Thoughts on men’s basketball 80-42 exhibition win


Sports editor Tim Everson and lead basketball beat writer Andrew Hammond give their separate takes of K-State’s 80-42 win over Emporia State in the first of two exhibition games.

Tim’s take

Stretching back to this summer, the 2015-16 iteration of this team’s message was clear: “Last season was last season; we’re worried about now.”

This message was the best and only way to start off this year after everything that went on with last year’s problem child of a season. Friday’s 80-42 win over Emporia State, however, was the first time the team had a chance to showcase that mentality.

Keeping in mind that this Hornets team is nowhere near the caliber of a Big 12 basketball team, Friday was encouraging.

Effort was abundant. Young guys who were getting their first experience playing under the lights of Bramlage Coliseum – albeit with a fairly light crowd due to poor weather, a Royals game and a Manhattan High football game – looked confident and seemed to be having fun.

The veteran players seemed to fit their new role of leaders for this very young but extremely promising K-State team.

Defensively, the Wildcats were there holding the Hornets without a field goal for over 13 minutes. Offensively, K-State was throwing up 40 points in the first half for the first time since the 2014-15 season opener versus Southern Utah.

Even with all of that said, the biggest improvement that I saw (keeping in mind that it was just Emporia State … and not a very good Emporia State team) is in the point-guard play.

Freshman guard Kamau Stokes and junior guard Carlbe Ervin II give the Wildcats their first true point guards since the departure of Angel Rodriguez after the 2012 season.

This team is young and they may have only been playing a Division II school but there is plenty of promise being shown.

You’d hope to see improvement next Friday for the second exhibition versus Fort Hays State, especially with the likely return of junior forward D.J. Johnson.

Quote of the Game

“You know, with all of the new guys I felt that guys were nervous, kind of, in the beginning,” junior forward Wesley Iwundu said on his team’s performance. “But as the game went on, I felt it all came together and we just saw what we were capable of as a team. I think guys did a good job sharing the ball with each other and just showing a lot of team skills.”

Andrew’s take

Look, we all kind of figured that this game really wouldn’t give us an indication on how good this team is or can be. It’s the first game of the season, you shouldn’t expect much.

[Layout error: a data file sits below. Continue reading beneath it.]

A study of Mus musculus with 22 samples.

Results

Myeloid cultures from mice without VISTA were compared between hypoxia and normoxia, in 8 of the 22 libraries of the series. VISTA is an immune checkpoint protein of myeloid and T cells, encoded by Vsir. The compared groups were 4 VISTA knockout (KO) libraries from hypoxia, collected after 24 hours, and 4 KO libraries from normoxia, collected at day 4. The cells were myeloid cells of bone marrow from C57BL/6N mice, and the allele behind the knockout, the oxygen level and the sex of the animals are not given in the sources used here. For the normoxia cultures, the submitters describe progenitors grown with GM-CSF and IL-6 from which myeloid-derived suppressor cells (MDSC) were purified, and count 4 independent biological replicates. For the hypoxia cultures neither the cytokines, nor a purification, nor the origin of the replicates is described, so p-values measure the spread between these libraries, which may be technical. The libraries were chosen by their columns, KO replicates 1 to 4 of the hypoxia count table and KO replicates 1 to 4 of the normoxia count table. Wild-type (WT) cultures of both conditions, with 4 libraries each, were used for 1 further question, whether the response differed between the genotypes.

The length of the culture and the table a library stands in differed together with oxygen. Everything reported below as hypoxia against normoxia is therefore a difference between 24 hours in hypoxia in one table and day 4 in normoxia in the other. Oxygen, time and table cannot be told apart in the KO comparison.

That said, there are a few things you can take away from this one.

First, we knew Emporia State wouldn’t offer the greatest challenge to K-State – but seeing is truly believing. On what could be considered a “garden variety” type of night for the Wildcats, Emporia State was pretty bad. They struggled from the field most of the game, so it was hard to gauge if the Wildcats were clicking just right or if this Emporia State team wasn’t good at all.

For the Wildcats, it was good to see this team get out there and build some confidence as they journey towards a very tough and challenging uphill battle to reach the NCAA Tournament. It’s clear that this team will go through Iwundu, senior point guard Justin Edwards and senior forward Stephen Hurt inside. It was nice, however, to see some of the young guys get in on the action. Junior forward Austin Budke and freshman forward Dean Wade will have to bring a consistent effort each night for this team to have any type of success in 2015-16.

Quote of the Game:

“Oh yeah, there’s no doubt,” head coach Bruce Weber said of his team’s first game of 2015. “The scrimmages are good, it’s just that there’s no emotion in that when you play the scrimmage, there’s no one in there. You play and you play hard; you don’t have this feel and I just thought we needed to play with some lights on and TV and all that stuff, and I thought in the second half they started to get a little more comfortable, especially some of the younger guys.”

Tim Everson is a junior in mass communications.

Andrew Hammond is a sophomore in mass communications.